Heating a Church, Dreams of Parenthood and Game of Thrones
A few weeks ago we shared a blog featuring 10 crowdfunding campaigns that change lives. In this blog we covered a variety of charitable crowdfunding campaigns that help change lives for the better. These campaigns display crowdfunding at its finest – strangers donating to strangers who cannot provide for themselves. It is always fun to discuss the power and goodwill of crowdfunding whenever you find a great example.
In today’s blog we will share three more stories of feel good crowdfunding campaigns. Although we are an equity crowdfunding portal at truCrowd, we closely follow all aspects of domestic and international crowdfunding. We are fascinated by the influence crowdfunding has on both business and humanitarian efforts and enjoy sharing them with all of you. If you caught “Game of Thrones” in the header, don’t worry, it will all make sense once the blog is over.
Here are a few more feel good crowdfunding campaigns to brighten your day:
Crowdfunding for Heat
In the Midwest we are currently enduring January-like temperatures in mid-November (insert warmer climate jokes here.). Air conditioning may be a luxury in the summer, but heat in the winter is a necessity to survive. Organizations such as churches, who rely on donations, encounter a serious dilemma when their boiler stops functioning. Such is the case for a deprived parish in Milwaukee, but thanks to their community, a crowdfunding campaign to raise money for heat is close to keeping their spirits and bodies warm.
The Redeemer Lutheran Church next to Marquette University has received donations from church members, old friends, nonprofits and people of many faiths. In fact, the first donation of $5 was from a homeless man. As of November 18th their Redeemer boiler crowdfunding campaign has raised more than $48,000 of the $60,000 goal. The new boiler was delivered last Wednesday and workers have already began the installation process. In total, the new system with installation will cost more than $82,000, but anonymous donations ranging from $1 to thousands of dollars, as well as a $10,200 boost from the Siebert Lutheran Foundation, has kept the fire burning for this good cause.
Rev. Lisa Bates-Froiland offered these statements:
“It’s been absolutely amazing. (The amount of donations) just says to me that people’s hearts tend to be compassionate. And once they connect with the kind of ministry that happens here, they open their hearts and their wallets.”
Crowdfunding for Baby
For Nick and Stephanie Fattal of Seattle, Washington, the hope of one day starting a family was playfully discussed on their first date. After getting married several years later, the couple tried for almost a year before visiting a doctor and receiving unfortunate news – they had a 3-5% chance of conceiving naturally. The doctor told them their best chances at having a baby of their own was in vitro fertilization (IVF), a procedure many people have heard of. However, what people might not have heard was the price tag. In the Fattal’s case, even with Nick’s military discount, the treatment would cost close to $10,000.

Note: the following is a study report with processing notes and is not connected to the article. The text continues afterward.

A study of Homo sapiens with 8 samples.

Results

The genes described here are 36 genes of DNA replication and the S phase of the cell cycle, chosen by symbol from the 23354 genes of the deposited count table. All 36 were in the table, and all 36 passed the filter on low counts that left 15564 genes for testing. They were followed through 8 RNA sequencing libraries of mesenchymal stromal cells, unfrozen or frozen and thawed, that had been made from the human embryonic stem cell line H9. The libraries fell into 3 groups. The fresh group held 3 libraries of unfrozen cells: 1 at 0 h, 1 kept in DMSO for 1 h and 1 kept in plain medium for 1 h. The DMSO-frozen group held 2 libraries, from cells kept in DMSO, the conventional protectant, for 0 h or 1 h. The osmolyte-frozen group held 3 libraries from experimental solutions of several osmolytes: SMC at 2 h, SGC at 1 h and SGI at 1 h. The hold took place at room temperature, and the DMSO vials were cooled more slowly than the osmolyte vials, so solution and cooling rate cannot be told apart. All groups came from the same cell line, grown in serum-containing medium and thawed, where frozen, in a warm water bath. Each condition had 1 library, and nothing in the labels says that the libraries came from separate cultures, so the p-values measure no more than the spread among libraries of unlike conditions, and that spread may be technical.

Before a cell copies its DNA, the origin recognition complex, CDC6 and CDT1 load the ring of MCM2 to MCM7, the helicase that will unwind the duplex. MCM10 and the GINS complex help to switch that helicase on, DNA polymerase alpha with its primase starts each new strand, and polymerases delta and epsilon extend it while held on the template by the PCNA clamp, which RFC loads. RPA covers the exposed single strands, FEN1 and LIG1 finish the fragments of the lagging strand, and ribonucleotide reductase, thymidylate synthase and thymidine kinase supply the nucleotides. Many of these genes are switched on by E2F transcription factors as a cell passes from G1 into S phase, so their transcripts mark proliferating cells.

As of November 18th, the Fattal Family Baby crowdfunding campaign has raised $1,900 of its $2,000 goal. According to a Seattle Times article, “there are at least 50 pages created by Seattle-area residents trying to raise money to help with the creation or adoption of a child.” The article also states one couple raised $13,000 for IVF treatments, surgery and six months of missed work and another has raised $2,785 in hopes to adopt a boy from South Korea. The gift of life is truly a gift and one many people take for granted. Seeing these crowdfunding for baby campaigns succeed is another glowing example of the magnificence of crowdfunding and the generosity of perfect strangers.
Crowdfunding for Wolves
Are there any Game of Thrones fans in the audience? For those of you who are, you will certainly get a kick out of this crowdfunding campaign. If you happen to be unfamiliar the popular fantasy novels “A Song of Fire and Ice” and the HBO adaptation series, no worries. This campaign has real-life beneficiaries in the end. In his novels, author George R.R. Martin created a species of large and intelligent wolves known as “Direwolves.” While they don’t speak, the wolves are certainly characters in their own right and have become a beloved addition to the storyline. Martin’s natural love for wolves led him to help The Food Depot of New Mexico and the Wild Spirit Wolf Sanctuary campaign, which successfully reached its goal of $500,000. How did he help? Well, let’s just say it’s any GOT fan’s dream (or nightmare) come true. They will be killed in his next novel.
During a live auction in Santa Fe, New Mexico, Martin auctioned off three in-book deaths for donors who pledged $20,000. The winners have been identified as Facebook’s Dave Goldblatt, Dr. Dave Cotton of Michigan and one woman who wants to remain nameless. Rumor has it the woman wants to name her character after her company to surprise her coworkers. In addition to choosing their character name, each winner will get to decide the type of character they are (lordling, peasant, whore, etc.) and the manner in which they die. Full creative rights still belong to Martin, who is not known for crafting pleasant and painless deaths, but the winners are allowed to at least suggest how their characters meet their demise.
The world of crowdfunding is ever-changing and only for the better. It is amazing to see how many anonymous people are willing to help others in need and want nothing in return. There are literally tens of thousands of charitable crowdfunding campaigns live at this moment. If you feel the urge, simply Google search any term with the phrase “crowdfunding campaign” at the end. You may be surprised at what you find. Disclaimer: Game of Thrones character not included in all campaigns.